Agtech startup Muddy Machines, a StartLife alumn, today announced a new round of series seed funding of 1.8M euro. The new funding will allow the company to enhance the development of its harvesting robots that support zero emissions and solve labor issues in the agriculture industry.
The funding round was led by Regenerate Ventures with participation from Ponderosa Ventures, Jude Gomilla and Thrive/SVG Ventures and numerous others. “We were impressed by Muddy Machine’s vision and speed of technical development.”, says Paul Rous, MD at Regenerate Ventures. “Fixing labor issues in farming is essential for ensuring a sustainable domestic food supply in developed countries and reducing food miles.”, added Evi Steyer, MD at Ponderosa Ventures.
Florian Richter, CEO and co-founder at Muddy Machines, stipulates that raising money for agtech and hardware businesses is a challenge at the best of times. “We are extremely proud to have secured this fund raise in the current investment climate. We will now focus on creating a meaningful amount of harvest capacity for our customers.” The situation is desperate.“, said John Chinn of Cobrey Farms, the largest growers of asparagus in the United Kingdom.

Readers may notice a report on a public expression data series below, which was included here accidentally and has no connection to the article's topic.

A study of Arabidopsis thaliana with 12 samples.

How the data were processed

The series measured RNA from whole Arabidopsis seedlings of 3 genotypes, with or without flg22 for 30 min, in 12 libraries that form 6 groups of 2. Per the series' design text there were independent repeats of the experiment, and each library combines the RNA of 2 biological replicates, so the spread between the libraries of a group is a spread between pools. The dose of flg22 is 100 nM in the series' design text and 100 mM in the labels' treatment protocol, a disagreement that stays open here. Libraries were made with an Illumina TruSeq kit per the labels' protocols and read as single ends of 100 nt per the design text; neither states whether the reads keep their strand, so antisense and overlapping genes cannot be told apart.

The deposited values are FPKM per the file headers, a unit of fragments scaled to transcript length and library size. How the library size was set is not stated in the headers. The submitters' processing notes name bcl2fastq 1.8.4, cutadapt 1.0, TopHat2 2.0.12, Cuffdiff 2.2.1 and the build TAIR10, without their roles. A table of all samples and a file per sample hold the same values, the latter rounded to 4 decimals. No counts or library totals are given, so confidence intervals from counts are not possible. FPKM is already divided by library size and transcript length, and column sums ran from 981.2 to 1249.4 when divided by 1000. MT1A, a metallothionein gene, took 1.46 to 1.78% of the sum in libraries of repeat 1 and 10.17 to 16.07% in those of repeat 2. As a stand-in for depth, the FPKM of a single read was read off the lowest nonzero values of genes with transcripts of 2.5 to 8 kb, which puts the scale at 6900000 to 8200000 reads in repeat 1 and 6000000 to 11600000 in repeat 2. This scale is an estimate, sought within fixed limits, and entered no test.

This new funding will be used to strengthen the company’s engineering team and build suﬃcient runway while demonstrating product market ﬁt. Speciﬁcally, the areas that the company will focus on are:
- Building a small herd of its Sprout robots for the 2023 asparagus harvest season and generating initial revenues,
- Continuing with the development of new crop harvest capabilities and
- Developing a roadmap for scaling production of Sprout robots.
About Muddy Machines
Muddy Machines was founded in 2020 by Christopher Chavasse and Florian Richter with a vision to sustainably solve labor issues in farming with robots. They developed a robotic platform that is capable of deploying a variety of harvest tools in specialty ﬁeld corps. In Fall 2021, they took part in the StartLife Accelerate program. The company has won nearly €3M in grant funding.